The United States Bartenders’ Guild estimates a daunting 700,000 bartenders are presently unemployed or under-employed due to the Covid-19 outbreak, which shows no signs of abating.
The organization immediately recognized the devastation this would bring to an industry where most employees rely on tips. Even with unemployment increases in the recent CARES Act, unemployment is no replacement for tipped income, especially service industry workers living paycheck to paycheck.
The USBG Foundation launched in 2015 to help bartenders in need through efforts like the “Bartender Emergency Assistance Program.” BEAP traditionally provided emergency aid to bartenders suffering a catastrophic incident, such as a car accident or natural disaster. Recent disasters that the fund addressed included the California wildfires, Nashville tornado, and Hurricane Harvey.
Kim Haasaurd, USBG Vice President, says the fund now faces something unprecedented. “What makes this crisis so much worse is that when a catastrophic event does happen and their workplace is damaged, it’s hard, but they can go get another job at the restaurant down the street. But this is not the case now. There is no other restaurant down the street to go apply to.”
As in government and healthcare, the nature of the challenge is daunting and required a fast response. USBG scaled up its existing infrastructure by partnering with leaders in technology, data storage, and secure payment processing so that its own platform would be robust enough for the challenge. In addition, they have trained more than 300 volunteers to screen the applications.
To date, $5 million has been raised thanks to the generosity of a who’s who in the beverage industry. Already, the USBG has received about 240,000 applications, which are being processed as quickly as possible with the help of over 450 qualified volunteers and disbursements are scheduled to start this week. One of the challenges Haasaurd says is the organization is getting a lot of incomplete applications. “I would encourage people to really read through the eligibility requirements and fill out their applications accurately. The more information we have and the more accurate the information, the faster we can process.” Bartenders can APPLY HERE.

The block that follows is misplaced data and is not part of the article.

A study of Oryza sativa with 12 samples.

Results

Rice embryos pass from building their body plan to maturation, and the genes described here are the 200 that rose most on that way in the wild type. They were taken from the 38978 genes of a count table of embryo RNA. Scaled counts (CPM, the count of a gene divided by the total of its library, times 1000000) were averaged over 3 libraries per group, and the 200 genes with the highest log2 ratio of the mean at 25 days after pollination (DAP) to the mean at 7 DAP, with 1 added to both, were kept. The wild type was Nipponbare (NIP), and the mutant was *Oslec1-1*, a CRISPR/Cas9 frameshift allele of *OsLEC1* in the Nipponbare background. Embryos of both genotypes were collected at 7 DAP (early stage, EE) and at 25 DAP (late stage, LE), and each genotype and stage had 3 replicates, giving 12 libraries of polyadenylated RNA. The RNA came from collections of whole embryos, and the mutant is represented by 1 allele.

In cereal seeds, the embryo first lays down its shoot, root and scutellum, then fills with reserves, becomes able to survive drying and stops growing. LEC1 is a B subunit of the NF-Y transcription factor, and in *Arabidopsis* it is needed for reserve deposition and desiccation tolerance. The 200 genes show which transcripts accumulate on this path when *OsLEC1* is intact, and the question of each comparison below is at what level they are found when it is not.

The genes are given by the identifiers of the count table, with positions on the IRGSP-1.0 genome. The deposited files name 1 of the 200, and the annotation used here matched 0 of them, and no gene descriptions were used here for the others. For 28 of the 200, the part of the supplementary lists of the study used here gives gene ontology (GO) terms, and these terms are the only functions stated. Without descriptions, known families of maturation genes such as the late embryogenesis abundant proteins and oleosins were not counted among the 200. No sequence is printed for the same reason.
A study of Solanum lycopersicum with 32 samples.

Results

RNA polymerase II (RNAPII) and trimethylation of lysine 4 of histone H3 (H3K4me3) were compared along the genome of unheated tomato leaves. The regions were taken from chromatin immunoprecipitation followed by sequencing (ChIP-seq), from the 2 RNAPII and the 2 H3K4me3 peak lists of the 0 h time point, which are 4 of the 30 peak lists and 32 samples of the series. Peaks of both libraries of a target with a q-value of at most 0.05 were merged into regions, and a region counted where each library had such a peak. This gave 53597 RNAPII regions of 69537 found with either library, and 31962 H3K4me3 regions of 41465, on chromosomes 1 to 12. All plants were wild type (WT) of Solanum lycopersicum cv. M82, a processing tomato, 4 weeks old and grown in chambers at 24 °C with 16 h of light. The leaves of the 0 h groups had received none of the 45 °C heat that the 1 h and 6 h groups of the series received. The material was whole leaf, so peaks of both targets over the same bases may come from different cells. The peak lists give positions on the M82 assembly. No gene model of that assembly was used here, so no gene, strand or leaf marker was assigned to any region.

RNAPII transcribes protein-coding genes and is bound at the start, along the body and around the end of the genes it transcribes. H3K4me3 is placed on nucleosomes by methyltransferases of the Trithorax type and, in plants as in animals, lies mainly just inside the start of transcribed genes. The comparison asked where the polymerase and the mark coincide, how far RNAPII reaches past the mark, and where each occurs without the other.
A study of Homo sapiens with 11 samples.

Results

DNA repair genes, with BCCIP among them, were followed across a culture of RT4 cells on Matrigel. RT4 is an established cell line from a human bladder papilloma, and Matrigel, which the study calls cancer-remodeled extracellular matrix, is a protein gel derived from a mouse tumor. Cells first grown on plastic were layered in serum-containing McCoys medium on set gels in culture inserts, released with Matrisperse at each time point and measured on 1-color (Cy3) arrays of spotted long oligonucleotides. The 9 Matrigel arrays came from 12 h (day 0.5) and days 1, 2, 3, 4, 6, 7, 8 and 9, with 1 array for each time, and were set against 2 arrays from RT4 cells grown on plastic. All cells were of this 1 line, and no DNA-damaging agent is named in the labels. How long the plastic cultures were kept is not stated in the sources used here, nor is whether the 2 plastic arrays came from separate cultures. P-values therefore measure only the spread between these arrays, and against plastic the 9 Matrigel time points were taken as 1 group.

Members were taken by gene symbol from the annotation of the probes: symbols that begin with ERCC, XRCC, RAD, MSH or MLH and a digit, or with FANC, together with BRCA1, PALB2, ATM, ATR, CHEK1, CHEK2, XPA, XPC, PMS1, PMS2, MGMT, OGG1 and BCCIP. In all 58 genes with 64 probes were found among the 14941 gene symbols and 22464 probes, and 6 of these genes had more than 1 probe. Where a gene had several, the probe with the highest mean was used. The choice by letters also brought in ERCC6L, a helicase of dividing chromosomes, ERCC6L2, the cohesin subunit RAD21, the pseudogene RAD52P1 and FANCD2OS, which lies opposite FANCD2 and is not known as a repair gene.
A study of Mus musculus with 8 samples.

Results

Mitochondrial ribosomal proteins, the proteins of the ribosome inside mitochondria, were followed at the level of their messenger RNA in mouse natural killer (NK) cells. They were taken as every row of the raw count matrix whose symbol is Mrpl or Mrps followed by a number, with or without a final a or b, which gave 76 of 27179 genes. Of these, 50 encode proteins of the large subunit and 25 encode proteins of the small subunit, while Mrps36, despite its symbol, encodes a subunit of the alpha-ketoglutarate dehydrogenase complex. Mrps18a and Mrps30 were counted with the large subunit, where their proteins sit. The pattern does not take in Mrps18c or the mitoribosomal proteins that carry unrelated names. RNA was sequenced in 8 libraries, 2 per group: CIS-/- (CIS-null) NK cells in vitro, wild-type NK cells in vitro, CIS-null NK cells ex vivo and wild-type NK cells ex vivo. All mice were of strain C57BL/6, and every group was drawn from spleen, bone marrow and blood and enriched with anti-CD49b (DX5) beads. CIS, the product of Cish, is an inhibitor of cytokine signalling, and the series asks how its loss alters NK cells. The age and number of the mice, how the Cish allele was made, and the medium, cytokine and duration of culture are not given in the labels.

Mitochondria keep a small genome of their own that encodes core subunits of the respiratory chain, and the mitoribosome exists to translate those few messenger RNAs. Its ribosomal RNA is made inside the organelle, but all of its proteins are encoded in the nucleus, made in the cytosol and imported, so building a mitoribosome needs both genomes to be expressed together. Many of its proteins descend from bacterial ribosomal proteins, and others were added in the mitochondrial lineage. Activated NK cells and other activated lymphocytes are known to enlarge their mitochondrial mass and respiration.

In better times, the average grant was $1,800, but with the current surge in demand, payouts will be in the range of $150 to $500. Haasaurd knows this is far from what will be needed. “While it’s not enough to make someone whole, it’s going to give a little cushion—put food on the table, maybe pay a bill, off-set rent, etc.,” she says. “I wish we were able to give everyone the funds they need.”
The United States Bartenders’ Guild was founded in a time full of opportunity just a few years after World War II in 1948. Over the years, the Guild supported an ever-growing family of bartenders through education, community service and, more recently, by focusing on health and well-being. Unfortunately, now all that has changed as the USBG marshals resources to support bartenders in this time of crisis. For corporations, government and non-profits to pitch in—the USBG is continuing to raise funds. You can MAKE A DONATION here.